Microsoft's Internet Explorer retains its lead at the top of the browser market share rankings, but bring-your-own-device (BYOD) is threatening its dominance.
Meanwhile, Windows XP still has a stranglehold on more than one-third of the enterprise market, despite having less than one year until Microsoft cuts off support for the aging operating system.
According to latest Forrester research, out of nearly 7,300 global IT information workers, Internet Explorer remains at the top of their self-reported browser usage at 40.2 percent. Google Chrome stands at second place with 27.8 percent, Mozilla Firefox at 25.4 percent, while Apple's Safari brings in just 1.8 percent.
Why? Because Internet Explorer remains the default browser for most Windows-based machines in the workplace.
But the numbers are mixed and becoming increasingly diverse, according to Forrester vice-president J.P. Gownder in the report. The reason is that many employees who bring their own devices to work have an alternative default browser — notably either Chrome or Firefox.
Interestingly, while Safari ranks very low in the results table (because both Chrome and Firefox are cross-platform browsers), it's not a solid indication that Mac usage is down in the enterprise. In fact, the research says 7.2 percent of IT decision makers in North America and the EU support Macs at work.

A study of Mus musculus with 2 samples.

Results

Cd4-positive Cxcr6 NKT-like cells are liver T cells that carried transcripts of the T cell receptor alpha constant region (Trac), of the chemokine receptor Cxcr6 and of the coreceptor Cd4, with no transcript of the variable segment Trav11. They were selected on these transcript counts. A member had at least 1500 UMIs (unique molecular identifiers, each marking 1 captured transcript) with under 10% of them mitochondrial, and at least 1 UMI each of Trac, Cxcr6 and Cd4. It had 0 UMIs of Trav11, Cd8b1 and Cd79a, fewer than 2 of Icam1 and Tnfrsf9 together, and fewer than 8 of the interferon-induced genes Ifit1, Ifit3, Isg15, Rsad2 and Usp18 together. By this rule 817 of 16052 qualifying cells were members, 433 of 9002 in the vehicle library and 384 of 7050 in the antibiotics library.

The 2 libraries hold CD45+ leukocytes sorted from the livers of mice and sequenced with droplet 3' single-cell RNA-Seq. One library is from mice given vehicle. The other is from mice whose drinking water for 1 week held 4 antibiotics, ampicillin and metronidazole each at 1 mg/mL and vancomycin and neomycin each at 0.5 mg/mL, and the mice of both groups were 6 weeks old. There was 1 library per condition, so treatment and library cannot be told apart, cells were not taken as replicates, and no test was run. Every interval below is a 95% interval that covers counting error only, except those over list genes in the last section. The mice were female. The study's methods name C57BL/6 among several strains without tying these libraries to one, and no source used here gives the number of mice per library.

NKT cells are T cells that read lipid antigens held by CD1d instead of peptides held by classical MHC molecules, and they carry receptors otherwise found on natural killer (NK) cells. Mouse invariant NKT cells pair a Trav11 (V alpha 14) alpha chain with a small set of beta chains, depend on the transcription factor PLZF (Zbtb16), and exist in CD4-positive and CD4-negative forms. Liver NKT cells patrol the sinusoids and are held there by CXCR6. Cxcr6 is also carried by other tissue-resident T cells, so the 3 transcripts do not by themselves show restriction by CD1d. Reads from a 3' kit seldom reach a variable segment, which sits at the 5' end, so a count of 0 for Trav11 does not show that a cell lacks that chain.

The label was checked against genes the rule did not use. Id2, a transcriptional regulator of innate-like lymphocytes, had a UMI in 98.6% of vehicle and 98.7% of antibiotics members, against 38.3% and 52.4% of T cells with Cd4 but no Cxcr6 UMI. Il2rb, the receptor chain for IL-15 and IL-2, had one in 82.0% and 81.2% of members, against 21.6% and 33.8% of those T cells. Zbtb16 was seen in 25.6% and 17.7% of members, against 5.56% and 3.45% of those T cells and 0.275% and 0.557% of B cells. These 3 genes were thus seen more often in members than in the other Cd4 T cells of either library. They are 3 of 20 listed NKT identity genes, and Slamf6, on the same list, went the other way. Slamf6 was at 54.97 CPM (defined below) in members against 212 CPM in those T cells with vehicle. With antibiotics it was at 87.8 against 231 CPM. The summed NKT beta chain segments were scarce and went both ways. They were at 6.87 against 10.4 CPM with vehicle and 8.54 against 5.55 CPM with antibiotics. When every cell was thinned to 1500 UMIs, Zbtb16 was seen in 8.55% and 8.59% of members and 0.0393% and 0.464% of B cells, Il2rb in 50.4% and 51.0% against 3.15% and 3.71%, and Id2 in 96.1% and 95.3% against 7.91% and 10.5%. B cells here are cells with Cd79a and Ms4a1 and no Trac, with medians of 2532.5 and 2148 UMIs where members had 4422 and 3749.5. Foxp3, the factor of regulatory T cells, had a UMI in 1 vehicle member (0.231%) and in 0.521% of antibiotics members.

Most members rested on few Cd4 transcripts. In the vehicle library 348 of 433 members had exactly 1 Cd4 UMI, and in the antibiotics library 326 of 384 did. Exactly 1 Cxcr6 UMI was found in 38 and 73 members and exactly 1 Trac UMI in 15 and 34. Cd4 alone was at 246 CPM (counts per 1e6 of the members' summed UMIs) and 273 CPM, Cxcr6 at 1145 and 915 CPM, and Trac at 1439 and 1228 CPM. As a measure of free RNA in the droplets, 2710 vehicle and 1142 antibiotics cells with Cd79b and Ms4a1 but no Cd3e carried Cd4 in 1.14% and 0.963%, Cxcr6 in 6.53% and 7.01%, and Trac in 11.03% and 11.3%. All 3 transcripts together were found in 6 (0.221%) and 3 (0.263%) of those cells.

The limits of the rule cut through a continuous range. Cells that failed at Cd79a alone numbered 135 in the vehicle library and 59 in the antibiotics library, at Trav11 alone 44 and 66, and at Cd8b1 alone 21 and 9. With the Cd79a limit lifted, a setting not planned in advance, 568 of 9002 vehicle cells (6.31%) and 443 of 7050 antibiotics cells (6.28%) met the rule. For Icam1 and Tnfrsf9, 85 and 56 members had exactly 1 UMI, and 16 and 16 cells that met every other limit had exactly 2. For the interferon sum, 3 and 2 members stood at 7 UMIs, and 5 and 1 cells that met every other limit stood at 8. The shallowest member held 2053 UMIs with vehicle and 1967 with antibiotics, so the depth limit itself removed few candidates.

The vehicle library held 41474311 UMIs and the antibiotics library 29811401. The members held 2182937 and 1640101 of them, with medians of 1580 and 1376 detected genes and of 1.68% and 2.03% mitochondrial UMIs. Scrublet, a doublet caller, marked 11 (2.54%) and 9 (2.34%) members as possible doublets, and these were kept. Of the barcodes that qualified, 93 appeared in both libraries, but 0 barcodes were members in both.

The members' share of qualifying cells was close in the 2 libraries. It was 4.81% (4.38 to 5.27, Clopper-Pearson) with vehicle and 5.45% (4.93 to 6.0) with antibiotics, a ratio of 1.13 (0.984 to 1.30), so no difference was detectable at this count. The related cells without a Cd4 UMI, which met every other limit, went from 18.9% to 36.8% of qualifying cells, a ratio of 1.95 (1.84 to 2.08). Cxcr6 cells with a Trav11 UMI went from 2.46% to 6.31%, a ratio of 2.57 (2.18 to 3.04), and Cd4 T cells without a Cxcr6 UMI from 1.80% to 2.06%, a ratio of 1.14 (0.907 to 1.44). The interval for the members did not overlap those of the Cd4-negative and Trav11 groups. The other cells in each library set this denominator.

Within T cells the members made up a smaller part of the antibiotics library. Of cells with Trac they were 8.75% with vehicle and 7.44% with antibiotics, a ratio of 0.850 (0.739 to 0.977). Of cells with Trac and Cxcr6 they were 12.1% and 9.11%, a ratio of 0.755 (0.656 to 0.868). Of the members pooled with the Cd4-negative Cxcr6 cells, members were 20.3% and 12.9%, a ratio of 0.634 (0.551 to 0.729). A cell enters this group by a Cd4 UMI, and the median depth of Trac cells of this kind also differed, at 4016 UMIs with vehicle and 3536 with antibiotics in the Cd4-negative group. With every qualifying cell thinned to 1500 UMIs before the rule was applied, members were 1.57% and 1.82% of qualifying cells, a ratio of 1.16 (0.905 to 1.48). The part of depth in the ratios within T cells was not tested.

Of course, results are skewed in Europe because for all Windows-based machines, there are no "default" browsers thanks to a European Commission intervention on Microsoft. An antitrust settlement led Microsoft into offering users the choice of browser, leaving a "default" browser off the table altogether. (The software giant was recentlyafter it broke antitrust commitments.)
Perhaps worryingly, Windows XP still remains as the second-most used operating system in the workplace. Windows 7, as you might expect, is on top, skipping Windows Vista altogether with just 3 percent running the platform in the U.S. and the EU.
Though the headline could well be, "Windows 7 prevails as the most used desktop platform in the enterprise," Windows XP's doomsday is just around the corner. "Corner" is meant comparatively, of course, considering it's been on the market for more than 12 years.
The breakdown is a worry. Gartner only last week warned to "prepare" for the death of Windows XP, which has.
Microsoft's traction in Windows 7 in the enterprise is good. There's no doubt about that. But Gownder explains that "Windows 7 hasn't reached the ubiquity of [Windows] XP," which at one point had more than 80 percent of enterprise desktop devices running the platform.
There's hope, though. It took Windows XP five years to reach its market share peak in the workplace, Windows 7 has only taken three and a half years, he notes. There's hope that by the time Windows XP finally has the bucket kicked from underneath it, its share could have been eaten up by an increase in Windows 7 sales.